On Tuesday the case concerning GCSE English exam results came to the High Court.
Some exam boards, without any correction from the Government’s regulator, Ofqual, moved the grade boundaries for a GCSE ‘C’ grade between the January and summer exams. This meant that identical marks would have got a student a ‘C’ grade in January but a ‘D’ grade in the summer. That’s a crucial difference, because a ‘C’ grade is essential for entry on to most courses and into many apprenticeships.
The scandal became a fiasco when the Welsh government imposed a regrading, but Michael Gove refused to do so.
So now the same mark would not just get you a different grade depending on whether it was January or June, but whether you sat the exams in Wales or England!
Leeds Labour Council has been at the forefront of action on this since the scandal first broke in August.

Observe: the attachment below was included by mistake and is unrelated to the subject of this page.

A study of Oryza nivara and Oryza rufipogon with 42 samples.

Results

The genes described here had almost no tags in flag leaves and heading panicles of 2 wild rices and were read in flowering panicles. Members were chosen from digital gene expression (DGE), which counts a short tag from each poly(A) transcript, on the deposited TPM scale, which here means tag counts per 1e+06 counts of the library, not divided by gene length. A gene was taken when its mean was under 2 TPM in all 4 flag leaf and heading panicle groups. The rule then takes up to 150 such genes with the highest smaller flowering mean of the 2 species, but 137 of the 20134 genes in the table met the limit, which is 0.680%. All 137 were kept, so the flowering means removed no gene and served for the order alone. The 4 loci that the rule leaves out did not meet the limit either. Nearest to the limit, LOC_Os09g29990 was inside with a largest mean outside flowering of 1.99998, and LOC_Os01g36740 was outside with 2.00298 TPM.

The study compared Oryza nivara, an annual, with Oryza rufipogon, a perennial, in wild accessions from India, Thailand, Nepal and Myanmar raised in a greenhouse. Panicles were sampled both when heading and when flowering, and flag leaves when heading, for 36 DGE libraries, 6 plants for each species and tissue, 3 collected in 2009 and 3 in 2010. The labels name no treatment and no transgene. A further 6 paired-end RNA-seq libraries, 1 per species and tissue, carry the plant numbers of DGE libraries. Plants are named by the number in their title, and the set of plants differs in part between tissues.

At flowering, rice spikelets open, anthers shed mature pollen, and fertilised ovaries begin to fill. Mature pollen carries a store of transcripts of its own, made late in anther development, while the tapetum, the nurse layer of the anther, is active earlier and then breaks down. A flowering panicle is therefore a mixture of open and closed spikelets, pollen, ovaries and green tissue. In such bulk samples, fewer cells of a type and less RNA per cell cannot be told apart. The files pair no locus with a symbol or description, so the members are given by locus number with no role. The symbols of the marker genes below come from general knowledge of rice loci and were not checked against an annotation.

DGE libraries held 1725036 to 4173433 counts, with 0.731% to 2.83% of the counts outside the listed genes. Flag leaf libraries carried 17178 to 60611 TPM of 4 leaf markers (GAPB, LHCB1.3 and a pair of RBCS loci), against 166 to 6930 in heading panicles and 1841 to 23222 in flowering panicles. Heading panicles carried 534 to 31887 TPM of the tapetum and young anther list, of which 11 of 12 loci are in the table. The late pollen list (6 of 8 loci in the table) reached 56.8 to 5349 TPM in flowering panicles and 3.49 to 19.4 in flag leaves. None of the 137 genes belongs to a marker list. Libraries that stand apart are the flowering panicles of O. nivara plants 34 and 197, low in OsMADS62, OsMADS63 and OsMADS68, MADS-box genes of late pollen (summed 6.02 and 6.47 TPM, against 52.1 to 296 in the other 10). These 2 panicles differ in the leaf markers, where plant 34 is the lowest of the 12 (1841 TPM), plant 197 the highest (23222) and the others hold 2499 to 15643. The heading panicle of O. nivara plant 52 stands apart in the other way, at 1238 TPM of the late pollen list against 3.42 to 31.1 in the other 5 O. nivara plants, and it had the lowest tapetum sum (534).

From the start, Leeds Council was determined to back these young people all the way – to judicial review if necessary.
As Judith Blake, Leeds’ Council Deputy Leader said in August, the way this has been dealt with ‘has seriously disadvantaged the life chances in Leeds of a minimum of 600 people [who were predicted at least a C in English and received a D].”
Speaking outside the High Court this week she emphasised “We’re here on behalf of the thousands of young people who we believe have been treated grossly unfairly. We’re here to seek justice on their behalf. We do not believe it’s right that the incompetence of Ofqual and the exam boards should be picked up by them.
“There are many young people who have not been able to gain access to their apprenticeships, the course that they wanted as a result of this.”

Leeds council has joined schools and other interested parties to ask for regrading on the same basis as January exams. Let’s hope for good news soon.